Clinical Orthopaedics and Related Research® 11/2010

Case Report: Osteonecrosis of the Femoral Head after Hip Arthroscopy

Clinical Orthopaedics and Related Research® > Ausgabe 11/2010
MD Danielle L. Scher, MD Philip J. Belmont Jr, MD Brett D. Owens
Wichtige Hinweise
Each author certifies that he or she has no commercial associations (eg, consultancies, stock ownership, equity interest, patent/licensing arrangements, etc) that might pose a conflict of interest in connection with the submitted article.
Each author certifies that his or her institution approved the reporting of this case report, that all investigations were conducted in conformity with ethical principles of research, and that informed consent for participation in the study was obtained.
The opinions or assertions contained herein are the private views of the authors and are not to be construed as official or reflecting the views of the Department of Defense or United States government.
This work was performed at William Beaumont Army Medical Center.



Hip arthroscopy is a common orthopaedic procedure used as a diagnostic and therapeutic tool with a multitude of surgical indications. The complication rate is reportedly between 1.3% and 23.3%. Major complications are related to traction, fluid extravasation, and iatrogenic chondral injury. Although osteonecrosis is a concern with any surgical procedure about the hip, this complication has been primarily a theoretical concern with hip arthroscopy.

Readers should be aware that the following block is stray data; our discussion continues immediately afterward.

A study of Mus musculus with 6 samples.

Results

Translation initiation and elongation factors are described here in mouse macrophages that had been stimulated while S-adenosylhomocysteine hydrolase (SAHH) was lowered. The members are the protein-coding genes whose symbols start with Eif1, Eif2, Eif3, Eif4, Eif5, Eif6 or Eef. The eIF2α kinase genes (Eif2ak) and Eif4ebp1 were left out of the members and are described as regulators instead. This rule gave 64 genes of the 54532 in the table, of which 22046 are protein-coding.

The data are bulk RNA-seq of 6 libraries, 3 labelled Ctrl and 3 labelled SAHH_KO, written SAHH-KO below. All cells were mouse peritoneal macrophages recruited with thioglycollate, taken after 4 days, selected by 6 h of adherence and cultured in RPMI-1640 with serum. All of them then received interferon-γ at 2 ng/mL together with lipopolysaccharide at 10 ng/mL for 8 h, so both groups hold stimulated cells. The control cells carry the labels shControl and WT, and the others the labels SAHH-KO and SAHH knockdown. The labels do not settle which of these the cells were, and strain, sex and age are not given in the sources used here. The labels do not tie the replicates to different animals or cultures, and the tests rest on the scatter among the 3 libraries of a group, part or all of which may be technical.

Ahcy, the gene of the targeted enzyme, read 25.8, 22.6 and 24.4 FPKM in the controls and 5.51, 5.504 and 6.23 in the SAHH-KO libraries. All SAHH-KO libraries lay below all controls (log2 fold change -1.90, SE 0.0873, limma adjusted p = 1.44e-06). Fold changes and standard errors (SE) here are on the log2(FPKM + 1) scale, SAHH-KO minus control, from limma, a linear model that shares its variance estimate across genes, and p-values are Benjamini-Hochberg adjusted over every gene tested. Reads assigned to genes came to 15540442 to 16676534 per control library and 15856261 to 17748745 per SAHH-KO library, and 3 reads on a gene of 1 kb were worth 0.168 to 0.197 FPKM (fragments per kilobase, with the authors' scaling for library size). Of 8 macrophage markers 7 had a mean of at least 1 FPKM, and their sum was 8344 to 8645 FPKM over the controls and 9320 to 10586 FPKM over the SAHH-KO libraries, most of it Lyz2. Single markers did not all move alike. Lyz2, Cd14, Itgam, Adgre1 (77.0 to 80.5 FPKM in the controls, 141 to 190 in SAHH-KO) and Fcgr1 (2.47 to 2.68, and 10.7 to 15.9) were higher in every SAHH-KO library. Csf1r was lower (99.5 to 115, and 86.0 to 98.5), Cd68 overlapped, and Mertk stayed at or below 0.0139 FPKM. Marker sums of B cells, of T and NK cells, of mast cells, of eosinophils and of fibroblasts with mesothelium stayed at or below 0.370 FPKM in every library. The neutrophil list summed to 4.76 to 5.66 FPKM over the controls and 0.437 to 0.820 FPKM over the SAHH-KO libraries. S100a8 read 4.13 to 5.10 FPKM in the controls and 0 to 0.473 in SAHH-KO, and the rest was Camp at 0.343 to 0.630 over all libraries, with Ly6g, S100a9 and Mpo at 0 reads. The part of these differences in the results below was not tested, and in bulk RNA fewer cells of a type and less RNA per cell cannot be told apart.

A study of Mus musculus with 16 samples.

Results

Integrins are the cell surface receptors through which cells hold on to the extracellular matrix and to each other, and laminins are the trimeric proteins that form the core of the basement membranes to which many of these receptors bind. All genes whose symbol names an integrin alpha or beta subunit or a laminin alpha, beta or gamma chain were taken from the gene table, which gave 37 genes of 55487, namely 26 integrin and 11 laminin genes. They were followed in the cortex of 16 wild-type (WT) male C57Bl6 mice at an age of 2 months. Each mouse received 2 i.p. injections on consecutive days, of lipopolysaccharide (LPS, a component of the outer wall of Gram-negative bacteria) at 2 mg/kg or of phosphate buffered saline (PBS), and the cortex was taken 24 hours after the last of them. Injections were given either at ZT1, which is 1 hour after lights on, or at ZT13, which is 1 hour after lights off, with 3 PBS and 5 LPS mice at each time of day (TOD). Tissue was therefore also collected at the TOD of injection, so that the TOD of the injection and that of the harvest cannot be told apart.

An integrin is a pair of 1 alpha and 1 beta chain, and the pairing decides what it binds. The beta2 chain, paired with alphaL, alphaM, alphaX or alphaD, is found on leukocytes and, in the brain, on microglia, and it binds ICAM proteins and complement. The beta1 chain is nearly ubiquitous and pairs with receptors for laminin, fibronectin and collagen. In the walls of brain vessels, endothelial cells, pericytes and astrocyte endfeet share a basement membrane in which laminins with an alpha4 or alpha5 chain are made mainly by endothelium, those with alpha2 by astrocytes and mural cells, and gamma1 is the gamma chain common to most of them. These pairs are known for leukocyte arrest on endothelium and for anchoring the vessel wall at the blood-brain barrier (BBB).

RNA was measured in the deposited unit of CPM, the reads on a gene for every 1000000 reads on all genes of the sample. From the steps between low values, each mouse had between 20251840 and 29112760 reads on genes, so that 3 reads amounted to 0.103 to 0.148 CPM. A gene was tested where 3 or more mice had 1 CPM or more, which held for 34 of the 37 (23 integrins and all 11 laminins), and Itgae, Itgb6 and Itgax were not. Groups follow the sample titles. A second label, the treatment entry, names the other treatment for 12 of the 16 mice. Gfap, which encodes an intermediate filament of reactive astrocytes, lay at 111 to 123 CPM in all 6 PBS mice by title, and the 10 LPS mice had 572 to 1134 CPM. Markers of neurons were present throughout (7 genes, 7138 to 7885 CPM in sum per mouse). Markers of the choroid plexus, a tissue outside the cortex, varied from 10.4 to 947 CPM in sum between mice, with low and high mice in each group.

Case Description

We report the case of a 24-year-old man who presented with a 2-year history of left hip pain. He underwent hip arthroscopy to include débridement of a torn labrum and removal of a prominent pincer lesion for femoroacetabular impingement. Traction was initiated by applying manual traction to the traction bar until 10 mm of joint distraction was obtained. Traction was removed at 90 minutes. At the 3-month followup, MRI showed osteonecrosis in the subcapital region of the left femoral head.

Literature Review

It generally is agreed the magnitude and duration of traction during hip arthroscopy increase the risk of traction-related injuries. Only one previous case of femoral head osteonecrosis associated with hip arthroscopy has been reported, and this may have resulted from the initial traumatic event. Based on anatomic studies, the use of standard arthroscopic portals would not put at risk any dominant normal vascular structures supplying the femoral head. In contrast, the literature shows that femoral head osteonecrosis may develop secondary to a combination of increased intraarticular pressure and traction.

Purposes and Clinical Relevance

We suspect this case of femoral head osteonecrosis after hip arthroscopy was caused by traction used in the procedure.